Tue March 20, 2012
NPR Story

U.K. Considering Long-Term Bonds

Originally published on Tue March 20, 2012 7:31 am

Transcript

DAVID GREENE, HOST:

Now, one way governments raise money is by issuing bonds: you or your pension fund lend them the money, and they then pay a set amount of interest for a set amount of time, say 10 or 20 years. Well, Britain's finance minister, George Osborne, is reportedly ready to announce that the UK plans to issue a bond that only your great-grandchildren will be able to cash in. It matures in a hundred years.

Vicki Barker has this report from London.


Tue March 20, 2012
NPR Story

Business News

Transcript

STEVE INSKEEP, HOST:

Italy's next step in a crisis is at the top of NPR's business news.

Italian prime minister Mario Monti is trying to restructure the economy so his country has a better shot at paying its debts. Today, he sits down to negotiate with the country's powerful trade union leaders. Monti hopes to weaken legal protections that make it almost impossible to fire employees. He blames these rules for slow economic growth and high unemployment in Italy.


Tue March 20, 2012
Business

Settlement Is Latest Blow For Cash-Strapped Mets

Transcript

STEVE INSKEEP, HOST:

It was two outs, bottom of the ninth for the New York Mets. Facing a civil trial in federal court this week, they managed to pull off a clutch out of court settlement with a price tag of $162 million, the value of a long-term contract for a star player. The team's owners reached that deal with the trustee recovering money for victims of imprisoned financier Bernie Madoff.

But as WNYC's Janet Babin reports, any relief is tempered by the team's long-term financial struggles.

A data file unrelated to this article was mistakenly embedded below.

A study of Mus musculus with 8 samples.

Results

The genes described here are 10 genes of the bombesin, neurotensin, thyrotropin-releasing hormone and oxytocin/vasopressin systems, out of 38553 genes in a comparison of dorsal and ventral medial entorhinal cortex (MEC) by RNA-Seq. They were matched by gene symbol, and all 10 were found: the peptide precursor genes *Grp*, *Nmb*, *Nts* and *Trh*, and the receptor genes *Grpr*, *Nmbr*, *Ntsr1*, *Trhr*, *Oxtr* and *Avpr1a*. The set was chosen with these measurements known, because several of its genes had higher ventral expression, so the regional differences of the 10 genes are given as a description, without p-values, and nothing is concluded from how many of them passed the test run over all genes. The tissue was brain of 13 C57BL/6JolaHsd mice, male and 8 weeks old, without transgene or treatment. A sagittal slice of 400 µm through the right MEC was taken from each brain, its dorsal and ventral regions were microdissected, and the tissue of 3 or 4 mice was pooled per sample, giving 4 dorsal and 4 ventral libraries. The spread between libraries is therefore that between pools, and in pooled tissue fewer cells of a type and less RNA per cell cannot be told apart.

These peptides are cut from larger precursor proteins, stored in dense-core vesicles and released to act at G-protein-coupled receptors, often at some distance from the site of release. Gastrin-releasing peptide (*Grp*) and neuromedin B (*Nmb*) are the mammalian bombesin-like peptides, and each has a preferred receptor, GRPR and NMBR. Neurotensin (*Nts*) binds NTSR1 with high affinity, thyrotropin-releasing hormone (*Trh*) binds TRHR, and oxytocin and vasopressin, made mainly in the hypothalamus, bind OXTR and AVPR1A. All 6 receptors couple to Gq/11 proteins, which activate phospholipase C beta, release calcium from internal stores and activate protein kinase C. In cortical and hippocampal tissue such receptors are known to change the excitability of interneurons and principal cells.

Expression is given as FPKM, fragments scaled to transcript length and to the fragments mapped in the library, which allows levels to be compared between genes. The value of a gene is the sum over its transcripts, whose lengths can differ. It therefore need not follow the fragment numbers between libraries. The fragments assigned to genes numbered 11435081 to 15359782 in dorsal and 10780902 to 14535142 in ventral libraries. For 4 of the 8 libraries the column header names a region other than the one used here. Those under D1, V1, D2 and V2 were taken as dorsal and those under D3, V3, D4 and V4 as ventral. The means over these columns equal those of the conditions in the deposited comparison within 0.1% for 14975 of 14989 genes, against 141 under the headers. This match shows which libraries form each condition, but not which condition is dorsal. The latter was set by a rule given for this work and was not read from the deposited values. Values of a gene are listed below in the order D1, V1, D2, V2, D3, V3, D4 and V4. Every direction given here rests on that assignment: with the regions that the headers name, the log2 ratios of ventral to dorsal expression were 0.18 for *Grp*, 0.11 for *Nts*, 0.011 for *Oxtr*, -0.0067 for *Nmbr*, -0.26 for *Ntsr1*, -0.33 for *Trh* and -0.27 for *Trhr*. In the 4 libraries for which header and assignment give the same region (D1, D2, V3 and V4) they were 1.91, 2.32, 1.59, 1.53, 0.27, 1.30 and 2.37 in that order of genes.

Tue March 20, 2012
Author Interviews

That's All, Folks: Kevin Smith On Leaving Filmmaking

Originally published on Tue March 20, 2012 9:40 am

Courtesy Penguin

When 21-year-old Kevin Smith decided he wanted to be a filmmaker, his sister gave him some advice: "Don't say you want to be a filmmaker; just be one." So he did. He made his first film, Clerks, on a shoestring, shooting at the convenience store where he worked.


Tue March 20, 2012
Election 2012

For A Personal Cause, Casino Owner Bets On Gingrich

Originally published on Sun March 25, 2012 8:05 am

Sheldon Adelson speaks at the 2008 "Facing Tomorrow" Presidential Conference in Jerusalem.
David Silverman Getty Images

One of the defining elements of the 2012 presidential campaign is money. Not that the candidates themselves have raised all that much; except for President Obama, they haven't. But two dozen wealthy Americans have put in at least $1 million each.

Mostly, they're a mix of Wall Street financiers and entrepreneurs. One of the biggest donors is Sheldon Adelson, a casino magnate who is worth about $25 billion.